Lillie Y. Joe Eye Dazzler Navajo Rug

Item No: 31307

$ 2,250.00

  • This handcrafted tapestry by master weaver Lillie Y. Joe is a brilliant and timeless work of fine art. Created in the renowned eye dazzler style developed in the late 19th century, the rug features stacked diamond shapes that come together to create a complex design of terraced zigzag lines. Created in an earthy palette of brown, tan, black and white from all-natural undyed wool, Joe’s work skillfully demonstrates why this style of rug is known as an eye dazzler. One of the most popular types of Navajo weaving, eye dazzlers are noted for their complexity and color, and Joe’s rug is a remarkable example of the prized style.

    • Rug handcrafted by Lillie Y. Joe (Navajo)
    • Natural undyed wool yarn
    • Rug measures 26” x 37”
    • Comes with a signed Certificate of Authenticity

    Handcrafted works of Native American art require special care. For more information about proper care and cleaning, please read our Care Guide.

  • Lillie Y. Joe (born ca. 1940) is a Navajo master weaver from the Teec Nos Pos area of Arizona. She learned the art from her mother, legendary weaver Minne Yazzie, and has passed on the craft to her daughter, Mary.
  • Eye dazzlers are a Navajo rug style that developed in the late 19th century during the transitional period when Navajo weavers began using colorful commercial dyes and yarns in their blankets and rugs. The style features elaborate stair step and stacked diamond designs and was inspired by the elaborate geometric patterns found in Mexican Saltillo weavings. These rugs were called eye dazzlers because the complex terraced designs were so dazzling that they appeared to vibrate. With their striking patterns and vibrant colors, these rugs because extremely popular with trading posts and tourists. Today, many expert Navajo weavers make rugs in the renowned eye dazzler style, creating sophisticated fine art tapestries that impress collectors around the world with their breathtaking patterns and stunning artistry.
  • For nearly two centuries, Navajo rugs have been highly sought after trade items, prized for their beauty and quality. Anthropologists believe the Navajo people were introduced to weaving in the 17th century by the Pueblo people, who had been growing and weaving cotton for hundreds of years before the arrival of the Spanish. Navajo weavers primarily used wool from the churro sheep brought by the Spanish. The Navajo believe that Spider Boy gave them their first loom and that Spider Woman taught them how to weave. Early Navajo blankets were simple in design and used very little color. By the middle of the 19th century, Navajo “Chief’s Blankets” had become a highly valued trade good, known for their softness and quality, and were traded as far away as the Great Plains. Styles were influenced by Spanish and Mexican weaving and artists began to add some geometric patterns such as rectangles and diamond shapes.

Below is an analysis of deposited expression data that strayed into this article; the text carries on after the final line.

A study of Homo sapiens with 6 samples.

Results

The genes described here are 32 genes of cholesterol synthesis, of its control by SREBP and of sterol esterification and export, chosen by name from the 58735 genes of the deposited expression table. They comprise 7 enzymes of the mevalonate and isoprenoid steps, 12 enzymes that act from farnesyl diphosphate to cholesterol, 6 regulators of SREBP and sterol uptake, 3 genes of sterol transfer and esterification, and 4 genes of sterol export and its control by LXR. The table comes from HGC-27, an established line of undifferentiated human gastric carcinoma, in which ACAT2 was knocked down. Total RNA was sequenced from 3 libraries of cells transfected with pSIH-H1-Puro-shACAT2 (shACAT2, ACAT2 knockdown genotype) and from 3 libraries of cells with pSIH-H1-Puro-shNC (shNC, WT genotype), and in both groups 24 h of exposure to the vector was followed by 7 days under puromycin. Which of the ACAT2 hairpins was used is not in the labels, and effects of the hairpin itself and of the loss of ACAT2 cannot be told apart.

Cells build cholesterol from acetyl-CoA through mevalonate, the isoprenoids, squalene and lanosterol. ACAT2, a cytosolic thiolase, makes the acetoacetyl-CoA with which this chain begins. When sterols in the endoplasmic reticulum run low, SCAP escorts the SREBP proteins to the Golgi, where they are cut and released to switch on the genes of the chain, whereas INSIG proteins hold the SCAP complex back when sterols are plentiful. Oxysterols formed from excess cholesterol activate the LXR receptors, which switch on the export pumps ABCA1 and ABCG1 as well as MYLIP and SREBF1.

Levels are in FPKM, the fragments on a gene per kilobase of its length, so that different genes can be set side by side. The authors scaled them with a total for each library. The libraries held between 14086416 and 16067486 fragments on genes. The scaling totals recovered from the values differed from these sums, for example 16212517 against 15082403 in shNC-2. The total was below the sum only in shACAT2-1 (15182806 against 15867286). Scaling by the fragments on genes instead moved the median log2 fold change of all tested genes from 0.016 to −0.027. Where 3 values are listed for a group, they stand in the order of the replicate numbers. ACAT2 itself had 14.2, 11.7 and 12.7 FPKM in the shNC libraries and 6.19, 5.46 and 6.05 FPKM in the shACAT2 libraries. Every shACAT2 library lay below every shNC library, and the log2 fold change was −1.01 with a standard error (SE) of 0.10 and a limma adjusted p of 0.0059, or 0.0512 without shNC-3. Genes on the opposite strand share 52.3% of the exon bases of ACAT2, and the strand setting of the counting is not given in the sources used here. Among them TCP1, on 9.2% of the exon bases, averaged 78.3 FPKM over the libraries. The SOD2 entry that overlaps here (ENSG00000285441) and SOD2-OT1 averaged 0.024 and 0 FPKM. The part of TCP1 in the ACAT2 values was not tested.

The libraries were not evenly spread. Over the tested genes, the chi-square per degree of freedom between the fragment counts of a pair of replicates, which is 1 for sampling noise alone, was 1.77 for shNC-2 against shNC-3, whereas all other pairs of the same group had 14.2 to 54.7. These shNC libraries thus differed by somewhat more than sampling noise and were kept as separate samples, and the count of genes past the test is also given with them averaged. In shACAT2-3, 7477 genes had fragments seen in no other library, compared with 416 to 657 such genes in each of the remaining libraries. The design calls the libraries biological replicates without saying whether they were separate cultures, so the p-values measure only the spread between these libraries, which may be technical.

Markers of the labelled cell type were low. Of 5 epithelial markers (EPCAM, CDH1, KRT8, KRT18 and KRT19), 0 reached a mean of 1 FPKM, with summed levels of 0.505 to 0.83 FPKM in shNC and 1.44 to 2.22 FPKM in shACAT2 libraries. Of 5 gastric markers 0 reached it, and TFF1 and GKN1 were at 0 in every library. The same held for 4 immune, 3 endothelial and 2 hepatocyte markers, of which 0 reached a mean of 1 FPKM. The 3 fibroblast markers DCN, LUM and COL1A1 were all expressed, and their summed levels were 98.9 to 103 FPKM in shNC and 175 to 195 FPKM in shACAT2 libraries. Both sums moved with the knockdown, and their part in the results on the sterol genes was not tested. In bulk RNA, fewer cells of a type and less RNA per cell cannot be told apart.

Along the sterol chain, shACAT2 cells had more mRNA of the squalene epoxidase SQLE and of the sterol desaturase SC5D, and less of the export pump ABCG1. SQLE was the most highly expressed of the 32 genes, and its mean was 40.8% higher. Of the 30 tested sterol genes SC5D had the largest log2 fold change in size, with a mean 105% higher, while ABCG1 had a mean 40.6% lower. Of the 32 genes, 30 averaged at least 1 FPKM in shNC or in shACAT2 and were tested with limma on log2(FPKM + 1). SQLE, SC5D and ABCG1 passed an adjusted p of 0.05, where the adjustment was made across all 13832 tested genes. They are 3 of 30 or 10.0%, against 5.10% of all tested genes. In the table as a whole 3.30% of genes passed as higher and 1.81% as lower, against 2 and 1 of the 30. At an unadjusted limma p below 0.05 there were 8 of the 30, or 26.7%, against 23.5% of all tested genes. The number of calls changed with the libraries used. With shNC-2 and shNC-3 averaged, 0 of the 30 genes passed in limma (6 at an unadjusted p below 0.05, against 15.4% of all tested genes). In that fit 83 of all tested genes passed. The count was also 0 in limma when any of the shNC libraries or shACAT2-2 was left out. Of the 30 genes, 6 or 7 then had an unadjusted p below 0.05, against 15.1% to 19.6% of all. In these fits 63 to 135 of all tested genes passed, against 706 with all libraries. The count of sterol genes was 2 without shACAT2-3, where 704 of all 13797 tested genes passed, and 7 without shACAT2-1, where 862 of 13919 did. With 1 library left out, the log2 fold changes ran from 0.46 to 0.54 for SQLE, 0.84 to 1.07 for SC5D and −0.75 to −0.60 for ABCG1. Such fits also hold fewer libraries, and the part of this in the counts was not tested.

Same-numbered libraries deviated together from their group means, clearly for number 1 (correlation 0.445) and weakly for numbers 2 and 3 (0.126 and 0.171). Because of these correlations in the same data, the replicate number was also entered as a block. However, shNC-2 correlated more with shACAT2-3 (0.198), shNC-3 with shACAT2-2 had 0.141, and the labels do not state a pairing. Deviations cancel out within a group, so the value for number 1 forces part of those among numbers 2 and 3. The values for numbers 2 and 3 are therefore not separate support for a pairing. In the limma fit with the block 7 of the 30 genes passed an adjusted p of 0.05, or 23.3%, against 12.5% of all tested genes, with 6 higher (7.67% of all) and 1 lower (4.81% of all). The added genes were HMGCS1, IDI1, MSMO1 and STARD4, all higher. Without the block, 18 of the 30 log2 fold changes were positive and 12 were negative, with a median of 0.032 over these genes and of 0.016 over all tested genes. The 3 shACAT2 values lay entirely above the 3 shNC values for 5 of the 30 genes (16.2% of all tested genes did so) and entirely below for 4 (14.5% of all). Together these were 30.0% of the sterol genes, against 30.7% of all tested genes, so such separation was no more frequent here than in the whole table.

Navajo weaving declined in the late 19th century as more manufactured clothing and goods arrived with the railroads and demand decreased. Around the turn of the century, traders like J.L. Hubbell, C.N. Cotton and John B. Moore encouraged the revival of Navajo weaving, believing rugs could be marketed to audiences in the Eastern United States. As the only significant customers of Navajo rugs at this time, these traders had a significant impact on the direction of Navajo weaving. They introduced their own design concepts and, as a result, particular weaving styles developed around trading posts, such as Two Grey Hills and Ganados. Navajo weavers also turned to vegetal dyes at this time and in a few decades became known for the unsurpassed quality of their rugs and tapestries. Today Navajo rugs are prized for their artistry and craftsmanship and considered among the most valuable in the world.

    Read our Native American Rugs Collector's Guide.
  • At Shumakolowa Native Arts, we guarantee that your purchase is an original and authentic work handcrafted by Native American artists as defined by the Indian Arts and Crafts Act of 1990. We ask our artists to complete an extensive certification process, providing a CIB (Certificate of Degree of Indian Blood) card and other documentation of their Native American heritage. Our team of experts carefully inspects every product to guarantee it is handcrafted using traditional, sustainable processes and natural materials of only the highest quality. We record the place and date of each purchase and pride ourselves in paying a fair price that allows artists to make a living practicing their craft. Every work of handcrafted art comes with a Certificate of Authenticity signed by an artist or buyer. At a time when many commercially-made products are being sold as handcrafted Native American art, our in-depth purchase process allows us to guarantee the authenticity of every unique piece of fine art we offer. For more than 35 years, we have made it a priority to visit artists in their studio or home to purchase their latest handcrafted pieces and learn about their work. We have developed lasting relationships with artists, as well as dealers and collectors, and we take pride in being a trusted destination for fine Native American art.